I have decided that the walks at Whiting Road are going to be my exercise. Some of my friends do the "athletic walk" thing, round and round on a track. That's just not my cuppa. Too boring for me, though, they love it. So, to start at least, I am going to go on a trail walk every Monday, Wednesday and Friday. With the walking I do at the track on Saturday, that should help strengthen me up.
Last Wednesday, I did the Blue and Yellow Trails. There was lots of stuff to stop and take pictures of.
I found where somebody had dined on fresh greens.
And saw a mass of baby spiders, getting ready to set out into the world.
The Blue and Yellow trails are probably the most popular of the trails there. They're the easiest, and go through different terrains. When you see vistas like this, I can see why people love to walk this trail.
Friday, I did the Orange trail. This is the trail that goes through the Great Meadow for a good part of its path. Bikers like this trail because it is quite long, and it has some grades. It doesn't seem to be so popular with walkers, maybe because you're out in the sun for a good portion of the time that you are walking.
The Hawkweed was out in force.
Orange Hawkweed -- Not as common as the Yellow, and I only found a couple of patches.
Many Yellow Hawkweed.
There were flowers everywhere.
And, this weird thing. I'm not even sure it's a flower. Every plant of its kind had this thing on top of it. It's not leafy feeling, but, rather, hard. So it's either a flower, or some kind of disease. If it is a flower, poor thing, to always have people wonder if you are a disease.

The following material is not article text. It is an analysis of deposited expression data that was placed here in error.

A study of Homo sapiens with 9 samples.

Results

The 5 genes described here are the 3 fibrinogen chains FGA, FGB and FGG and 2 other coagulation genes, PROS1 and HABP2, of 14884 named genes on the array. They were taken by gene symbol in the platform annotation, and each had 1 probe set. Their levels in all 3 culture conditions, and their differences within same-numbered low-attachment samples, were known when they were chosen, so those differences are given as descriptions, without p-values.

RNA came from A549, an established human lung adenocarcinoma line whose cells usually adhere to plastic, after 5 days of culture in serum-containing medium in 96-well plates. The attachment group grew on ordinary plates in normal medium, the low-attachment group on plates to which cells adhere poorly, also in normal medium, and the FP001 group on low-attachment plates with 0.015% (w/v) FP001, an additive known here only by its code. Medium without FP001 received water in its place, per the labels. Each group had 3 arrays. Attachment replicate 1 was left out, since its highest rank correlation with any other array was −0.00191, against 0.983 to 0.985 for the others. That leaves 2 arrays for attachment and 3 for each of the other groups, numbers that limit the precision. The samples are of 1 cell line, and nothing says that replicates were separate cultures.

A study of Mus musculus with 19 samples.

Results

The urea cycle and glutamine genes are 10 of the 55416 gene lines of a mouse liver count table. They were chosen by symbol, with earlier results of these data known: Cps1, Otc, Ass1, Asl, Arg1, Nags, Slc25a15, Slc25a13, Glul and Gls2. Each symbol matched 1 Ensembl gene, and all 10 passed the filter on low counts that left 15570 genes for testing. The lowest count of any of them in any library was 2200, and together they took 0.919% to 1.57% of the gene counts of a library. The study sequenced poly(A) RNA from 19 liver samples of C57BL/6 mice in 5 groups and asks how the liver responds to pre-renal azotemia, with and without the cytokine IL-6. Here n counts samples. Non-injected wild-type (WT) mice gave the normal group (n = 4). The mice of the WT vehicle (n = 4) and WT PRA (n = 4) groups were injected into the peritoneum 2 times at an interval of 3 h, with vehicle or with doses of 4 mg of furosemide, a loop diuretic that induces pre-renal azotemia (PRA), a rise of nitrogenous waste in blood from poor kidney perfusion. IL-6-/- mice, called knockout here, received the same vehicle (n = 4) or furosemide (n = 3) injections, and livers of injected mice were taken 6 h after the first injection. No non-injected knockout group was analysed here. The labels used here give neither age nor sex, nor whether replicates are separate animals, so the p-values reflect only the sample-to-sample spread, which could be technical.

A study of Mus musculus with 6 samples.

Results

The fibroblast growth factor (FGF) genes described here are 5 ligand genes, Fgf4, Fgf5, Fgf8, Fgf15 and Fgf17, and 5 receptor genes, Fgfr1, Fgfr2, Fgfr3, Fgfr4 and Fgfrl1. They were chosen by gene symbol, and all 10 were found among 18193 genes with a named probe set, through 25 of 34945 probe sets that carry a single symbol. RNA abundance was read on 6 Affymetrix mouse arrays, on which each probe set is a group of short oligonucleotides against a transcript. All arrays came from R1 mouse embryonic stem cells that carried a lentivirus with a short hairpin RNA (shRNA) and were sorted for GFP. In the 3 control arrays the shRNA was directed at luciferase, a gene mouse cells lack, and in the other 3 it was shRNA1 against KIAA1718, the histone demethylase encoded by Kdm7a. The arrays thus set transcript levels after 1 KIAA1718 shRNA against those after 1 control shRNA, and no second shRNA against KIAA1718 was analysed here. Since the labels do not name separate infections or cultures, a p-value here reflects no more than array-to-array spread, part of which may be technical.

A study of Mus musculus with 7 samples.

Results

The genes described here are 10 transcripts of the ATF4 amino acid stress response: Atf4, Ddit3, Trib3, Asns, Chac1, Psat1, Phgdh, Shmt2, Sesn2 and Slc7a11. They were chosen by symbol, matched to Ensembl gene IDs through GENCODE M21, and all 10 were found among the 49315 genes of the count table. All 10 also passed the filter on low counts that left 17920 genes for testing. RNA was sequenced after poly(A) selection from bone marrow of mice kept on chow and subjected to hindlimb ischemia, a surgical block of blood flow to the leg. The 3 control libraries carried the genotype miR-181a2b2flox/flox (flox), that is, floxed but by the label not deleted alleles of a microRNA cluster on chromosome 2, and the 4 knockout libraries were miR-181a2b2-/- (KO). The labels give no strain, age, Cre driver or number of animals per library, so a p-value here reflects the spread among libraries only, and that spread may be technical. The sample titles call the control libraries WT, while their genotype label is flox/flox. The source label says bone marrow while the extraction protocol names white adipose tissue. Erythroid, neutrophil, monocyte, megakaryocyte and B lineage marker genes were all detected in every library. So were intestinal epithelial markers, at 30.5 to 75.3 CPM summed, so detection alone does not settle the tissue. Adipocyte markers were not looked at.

Here is a video of the Great Meadow itself
The Great Meadow used to be an orchard, and, along the perimeter, I found this remnant, still valiantly putting forth apples. I bet the deer love this tree in the fall.
The meadow is threatened by this plant -- Black Swallowwort. It's a plant that used to be planted in gardens at the turn of the 20th century. It escaped, and now represents a real problem. Unfortunately, it's practically impossible to eradicate.
Oh, and the spitbugs are flourishing.
Whiting Road is in an area that, long ago, was part of Lake Ontario, when it was much larger. So, the soil is very sandy. I'm including this picture because you can see that it can look exactly like beach sand.
I thought that this was kind of neat. These bushes only produce leaves at the top. Underneath, the horsetails have found just the shelter they need to survive in the Great Meadow.
But, the Orange trail isn't all through the meadow. It transitions quite abrubtly into woods. It's like walking from one world to another.
So, the last part of the journey is through cool, dark woods. Up and down a bit, also.
The Orange Trail is very long and I was pooped at the end. But, now really, isn't this better than walking around in circles?
Today, the Red Trail -- all deep woods.